From: Deva Sarran Samaroo < >
Commonsense Law Every Country Should Consider Having
In different parts of the world, different countries have developed unique ways to deal with certain problems, as well as help their citizens have a better life and be healthier. Some of these ideas hasn’t gotten to other parts of the world and it’s a real shame. While this is not a definitive list, it is still filled with amazing ideas that every country should adopt.
State-provided new baby kit
Every pregnant Finnish woman is eligible for a free, government-sponsored ‘maternity box’. The kit comes with mattress, sheets, jumpsuits, socks, diapers and several other items a new baby will need. Even the box it comes in can be used as a cot. The point of this is to provide every future citizen of Finland an equal start in life.
Paid maternal and paternal leave
In several countries, both mother and father are entitled to paid leave when their child is born. The most generous country in that regard is the Czech Republic. Both parents get a minimum of 14 weeks of paid leave, and if it’s their first child – the parents can get 48 months of government-paid leave!
50% tax reduction on Christmas
In Norway, the government wants all citizens to have a little more for the holiday season, so throughout the month of November – all state taxes are halved.
Income based fine system
In Finland and Sweden, non-violent crimes will entail a fine, rather than jail time. The fine, however, is directly dependent on the perpetrator’s income. This creates a sort of ‘financial prison’ and serves as a deterrence from committing such crimes. In fact, a Finnish man who earned $11 million in one year had to pay a fine equal to $200,000 for speeding…
Free rides on official vehicles
In Cuba, hitchhiking is acceptable and very common. So acceptable, in fact, that official government vehicles are legally required to pick up hitchhikers and make sure they get to their destination.
Treating bicycles like cars
Before being allowed to ride a bicycle, children in the Netherlands at the age of 10 are required to take a written, as well as practical test to assure they know how to ride the bike, as well as traffic laws that apply to it. This practice increases the likeliness of them using bicycles regularly as adults and is a major contributor to the reduction in car usage and pollution in major cities throughout the country.
The government pays kids to attend school
Swedish schoolchildren can earn the equivalent of $187 from the government for having perfect attendance. This practice reduces the amount of children skipping classes.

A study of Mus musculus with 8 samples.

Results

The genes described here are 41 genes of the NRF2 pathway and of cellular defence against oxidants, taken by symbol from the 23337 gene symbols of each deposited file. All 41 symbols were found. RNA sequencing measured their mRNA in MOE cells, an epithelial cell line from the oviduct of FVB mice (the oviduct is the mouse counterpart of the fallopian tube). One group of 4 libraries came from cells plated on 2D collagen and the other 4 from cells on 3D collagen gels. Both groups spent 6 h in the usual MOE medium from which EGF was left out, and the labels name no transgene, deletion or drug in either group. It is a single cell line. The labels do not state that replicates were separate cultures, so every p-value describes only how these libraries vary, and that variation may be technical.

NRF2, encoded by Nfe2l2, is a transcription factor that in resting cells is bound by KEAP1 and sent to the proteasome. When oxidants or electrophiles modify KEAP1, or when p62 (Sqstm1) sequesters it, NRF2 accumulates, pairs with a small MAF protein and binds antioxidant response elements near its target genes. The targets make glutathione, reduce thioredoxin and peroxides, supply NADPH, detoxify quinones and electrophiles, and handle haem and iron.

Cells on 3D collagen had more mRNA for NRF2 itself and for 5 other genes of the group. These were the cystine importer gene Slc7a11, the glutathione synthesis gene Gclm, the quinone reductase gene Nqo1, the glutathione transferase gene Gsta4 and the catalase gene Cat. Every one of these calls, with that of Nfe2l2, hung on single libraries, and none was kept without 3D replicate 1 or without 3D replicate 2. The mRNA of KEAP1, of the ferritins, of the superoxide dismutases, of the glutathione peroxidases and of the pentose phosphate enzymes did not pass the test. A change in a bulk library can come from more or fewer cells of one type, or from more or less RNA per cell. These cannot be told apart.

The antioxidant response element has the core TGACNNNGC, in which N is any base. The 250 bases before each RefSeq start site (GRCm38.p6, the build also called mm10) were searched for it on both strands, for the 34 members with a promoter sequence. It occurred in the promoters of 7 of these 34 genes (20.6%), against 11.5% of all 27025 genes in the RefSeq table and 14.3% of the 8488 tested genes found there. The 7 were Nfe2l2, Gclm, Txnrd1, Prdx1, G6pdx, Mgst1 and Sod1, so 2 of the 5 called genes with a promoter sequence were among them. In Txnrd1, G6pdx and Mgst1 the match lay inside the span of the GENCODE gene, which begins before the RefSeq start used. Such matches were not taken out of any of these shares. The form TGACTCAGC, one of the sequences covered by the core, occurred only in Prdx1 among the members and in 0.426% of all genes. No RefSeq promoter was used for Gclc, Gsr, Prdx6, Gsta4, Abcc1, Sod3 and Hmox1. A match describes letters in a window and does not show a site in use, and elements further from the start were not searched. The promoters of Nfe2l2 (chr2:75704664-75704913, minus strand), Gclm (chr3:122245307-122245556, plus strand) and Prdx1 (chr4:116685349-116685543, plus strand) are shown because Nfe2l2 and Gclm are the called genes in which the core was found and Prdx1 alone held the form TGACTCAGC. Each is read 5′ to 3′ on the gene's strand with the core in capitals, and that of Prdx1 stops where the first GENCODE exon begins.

Only pay for the garbage you produce
To decrease the use of landfills, German cities will weigh the garbage you throw away, and you’ll be charged as much as $2 per pound of waste. This has led to people recycling and composting much of their trash.
Speeding ticket lottery
In Sweden, A part of all traffic tickets is kept in a particular pool, and any citizen without traffic violations is automatically entered into the pool with a chance to win up to $3000. This custom both encourages people to drive safely and instills a sense of fairness, where ‘being good’ is rewarded.
Australian citizens are legally obligated to participate in the elections. Any Australian, who doesn’t show up to vote, is served with a fine, leading to a whopping 95% of the population voting each time. For contrast, in the U.S. the voting percentage is at 36.6%. Australians who don’t wish to vote, but would like to avoid fines tend to put in a blank paper (often with crude drawings on it).
Reduced jail time in exchange for reading
To reduce the likeliness of inmates returning to a life of crime, Brazil chose to reduce jail time to those who educate themselves by reading while in prison. For each book a prisoner reads, they must submit a report, and if deemed appropriate, it will reduce 4 days off of their sentence. Since the beginning of the program, Brazil has seen a 30% reduction in criminal relapses.
National “rainy day” fund
The Norwegian government saves all of the taxes collected for oil and petrol into a ‘rainy day’ fund. At the beginning of 2014, the fund had $828 million, which is saved for a time when Norway’s oil reserves are depleted or in case of other financial crises.
33% fewer TV advertisements
In the UK and most of Europe, TV commercials are limited to a maximum of 8 minutes per hour. In the United States, you would see 3 minutes of commercials every 8 minute.
Free museum entry for new citizens
When immigrants become naturalized in Canada, they also receive a one-year free pass to thousands of cultural centers and museums across Canada. This encourages immigrants to get to know the local heritage, culture, and national parks.
Mandatory paid sick leave
In Europe, paid sick leave is mandatory in order to reduce the spread of diseases by encouraging people to remain at home when they’re sick instead of coming to work and “sharing” their germs with their coworkers.
Squats for rides in the subway
In preparations for the Sochi Winter Olympics, commuters at the Vystavochaya Metro Station in Moscow could pay for train rides by doing squats. The program lasted a month prior to the Olympic event and was very popular.
Anonymous, state-sponsored drug testing
In an effort to reduce the number of overdosing and related deaths, the Netherlands offers a free, anonymous service that tests the composition of narcotics. The test lists the ingredients of the drug, warning users of potentially dangerously laced ones, as well as ways to treat potential cases of related overdosing.
Citizens manage the country’s social media
Each and every week, Sweden’s official Twitter account is run by a randomly-selected citizen. This is done to show Sweden’s cultural diversity and progressiveness.